Britain’s Government Digital Service (GDS) recently began the deployment of the One Login digital identity system in the hope that its implementation will enable the country to boost its position as a leader in technological innovation in the United Nations.
Specifically developed to simplify public access to online services offered by the central government, One Login is currently in beta testing among several key civic agencies. Eventually, it will be required by all government offices in order to deliver a tailored and more personal approach to accessing public services.
Worth £400 million, UK’s One Login system is hosted by Amazon Web services (AWS) and is seen as the immediate successor – and eventual replacement – to the problematic GDS Verify initiative.
Gunning for Digital Leadership
For his part, GDS chief executive Tom Read expressed hopes that One Login would bring the UK back to the lead as one of the world’s top digitally-enabled nations through improved access to government service on both computers and mobile devices.
Back in 2016, the UK topped the UN’s e-government rankings. However, given the glitches in the Verify initiative, the British government has since plunged to eleventh place.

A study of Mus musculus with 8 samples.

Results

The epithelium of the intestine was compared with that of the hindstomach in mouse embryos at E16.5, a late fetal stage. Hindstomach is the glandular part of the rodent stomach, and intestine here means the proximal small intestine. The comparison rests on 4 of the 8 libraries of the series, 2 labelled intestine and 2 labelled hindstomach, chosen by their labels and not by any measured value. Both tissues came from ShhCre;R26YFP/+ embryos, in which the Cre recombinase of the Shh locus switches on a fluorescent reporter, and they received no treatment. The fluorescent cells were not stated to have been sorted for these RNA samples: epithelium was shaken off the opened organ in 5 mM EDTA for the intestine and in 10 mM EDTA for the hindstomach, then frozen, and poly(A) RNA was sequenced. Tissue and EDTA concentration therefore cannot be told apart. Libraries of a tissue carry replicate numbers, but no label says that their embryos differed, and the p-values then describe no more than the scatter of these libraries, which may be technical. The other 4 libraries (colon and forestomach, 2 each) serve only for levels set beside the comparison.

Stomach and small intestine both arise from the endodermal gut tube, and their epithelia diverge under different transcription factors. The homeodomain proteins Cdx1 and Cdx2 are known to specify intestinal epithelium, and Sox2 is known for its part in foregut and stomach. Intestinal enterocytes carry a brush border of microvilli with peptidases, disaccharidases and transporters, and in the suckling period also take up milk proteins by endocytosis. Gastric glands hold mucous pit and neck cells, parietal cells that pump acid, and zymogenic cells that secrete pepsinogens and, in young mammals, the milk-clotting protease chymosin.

Inside a Serverless System
What specifically makes One Login unique among public service access systems is that it is the first and only server-free government digital transformation program.
This makes the system more cost-effective to use compared to other online government service systems, and also scalable and more resilient against online attacks. The last two are particularly important, given how the use of a number of government systems tends to peak unexpectedly.
For GDS digital identity director Natalie Jones, One Login also has the virtue of increasing a government agency’s online agility and decreasing the operational load imposed on work teams. Likewise, having a server-free system enables digital management personnel to write and deploy code without needing to manage physical infrastructure.
The benefits in terms of online security are also good, as it gives deploying agencies the ability to fine-tune controls, while those at the GDS can lock down specific areas of the system whenever necessary.
Not an Easy Transition
However, Jones also pointed out that she and her team ran into several issues while making the shift to a server-free system. Several developers wrote code in the context of a containerized setup and did not consider how it would run in a different sort of environment. As a result, services responded slowly, and the response time for users bordered on the unacceptable.
But now, the system appears to have overcome its birthing pains. Now that the continuous delivery pipeline has found its groove, so to speak, developers can now roll out over 200 changes a week to One Login’s operational environment without a hitch.